Thursday, February 6, 2020


I headed over to Logan's Landing and Medalie Park because my Audubon alerts had reported some unique waterfowl there.  Because of the mild winter, the south end of Boardman Lake hadn't frozen over, so the place was teeming with a large variety of ducks, geese, and swans.

 The area has lots of fallen logs and posts sticking out of the water, providing perches for the waterfowl, such as this female mallard.

I also saw graceful Mute Swans preening and dunking for aquatic plants.  I chuckle at their name because these aggressive swans will hiss and snort at anything encroaching on their territory.

I chuckled as this swan half flew and half paddled across the lake, kicking up a maelstrom of water along the way.  I caught a goose in flight, trying to stay out of the swan's way.

Next, I saw this pair of female Hooded Mergansers bobbing in the lake.  Truth be told, all these waterfowl were beautiful critters, but rather commonplace.  No, I was looking for something unusual.  My Audubon emails had given many reports of a Double-crested Cormorant in the area.  I had visited several times over the week and had come up with nothing.

What it took for me to finally catch this unusual bird was to get out of bed early so I could match the cormorant's feeding times.  I'd been coming in the afternoon and early evening.  No wonder I didn't see it!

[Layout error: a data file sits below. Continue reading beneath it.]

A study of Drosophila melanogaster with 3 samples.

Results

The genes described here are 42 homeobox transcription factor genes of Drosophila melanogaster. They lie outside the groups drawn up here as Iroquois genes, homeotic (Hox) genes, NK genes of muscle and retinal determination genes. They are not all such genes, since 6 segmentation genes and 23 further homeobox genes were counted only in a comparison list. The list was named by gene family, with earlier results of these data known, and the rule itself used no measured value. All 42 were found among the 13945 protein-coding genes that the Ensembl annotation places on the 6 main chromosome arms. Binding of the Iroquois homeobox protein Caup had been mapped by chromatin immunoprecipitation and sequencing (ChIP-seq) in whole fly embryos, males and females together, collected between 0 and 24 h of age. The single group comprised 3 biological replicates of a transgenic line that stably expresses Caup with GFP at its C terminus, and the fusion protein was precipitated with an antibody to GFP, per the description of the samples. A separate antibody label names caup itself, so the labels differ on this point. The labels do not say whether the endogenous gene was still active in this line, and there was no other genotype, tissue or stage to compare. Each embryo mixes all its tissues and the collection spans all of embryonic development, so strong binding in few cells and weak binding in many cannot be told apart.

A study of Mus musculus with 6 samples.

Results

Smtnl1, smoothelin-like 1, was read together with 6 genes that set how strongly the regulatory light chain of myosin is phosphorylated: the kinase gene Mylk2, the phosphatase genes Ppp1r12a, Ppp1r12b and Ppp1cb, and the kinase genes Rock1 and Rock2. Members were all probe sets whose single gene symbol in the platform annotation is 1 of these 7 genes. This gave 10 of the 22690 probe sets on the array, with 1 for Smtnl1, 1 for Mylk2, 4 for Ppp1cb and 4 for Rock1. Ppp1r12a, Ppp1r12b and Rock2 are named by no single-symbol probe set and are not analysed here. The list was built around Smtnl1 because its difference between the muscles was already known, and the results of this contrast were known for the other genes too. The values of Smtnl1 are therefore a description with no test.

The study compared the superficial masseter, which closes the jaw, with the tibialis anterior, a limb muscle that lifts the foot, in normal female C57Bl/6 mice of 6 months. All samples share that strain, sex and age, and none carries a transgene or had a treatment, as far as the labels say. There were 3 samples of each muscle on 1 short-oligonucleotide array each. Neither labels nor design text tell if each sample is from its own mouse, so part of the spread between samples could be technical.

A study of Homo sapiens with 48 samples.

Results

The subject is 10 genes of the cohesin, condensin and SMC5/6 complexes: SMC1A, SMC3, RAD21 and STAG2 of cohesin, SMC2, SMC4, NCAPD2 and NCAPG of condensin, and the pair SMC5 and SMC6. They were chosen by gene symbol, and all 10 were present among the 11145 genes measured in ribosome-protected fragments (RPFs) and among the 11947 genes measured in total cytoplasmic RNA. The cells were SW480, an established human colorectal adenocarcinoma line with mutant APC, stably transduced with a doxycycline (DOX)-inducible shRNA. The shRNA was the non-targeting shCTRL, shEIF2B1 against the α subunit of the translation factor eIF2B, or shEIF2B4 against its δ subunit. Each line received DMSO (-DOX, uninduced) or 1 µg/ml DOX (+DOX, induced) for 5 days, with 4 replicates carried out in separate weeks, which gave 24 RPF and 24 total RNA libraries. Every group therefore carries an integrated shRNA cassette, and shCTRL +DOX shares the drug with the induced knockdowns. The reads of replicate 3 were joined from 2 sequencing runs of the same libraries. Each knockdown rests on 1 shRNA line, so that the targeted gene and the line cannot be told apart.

The hooked bill and orange throat pouch make this seabird unmistakable to identify.  Our mild winter has allowed the cormorant to stay further into the winter than is typical.

The cormorant looked at me, and it had a rather sweet face.  "Oh, you humans," it probably thought, "always trying to make us into something we're not."

The seabird opened its bill and looked upward, giving me a good look at that hooked bill.  I'm sure it aids in capturing prey as it swims underwater to feed on fish, crustaceans, and amphibians. 


It was nearing time for me to move on when the cormorant gave me one last piece of its show, displaying its enormous wingspan. 

As the cormorant continued to stretch to an even fuller wingspan, I felt fortunate to have photographed something different two weeks in a row.  Maybe I oughta get up to see the sunrise more often.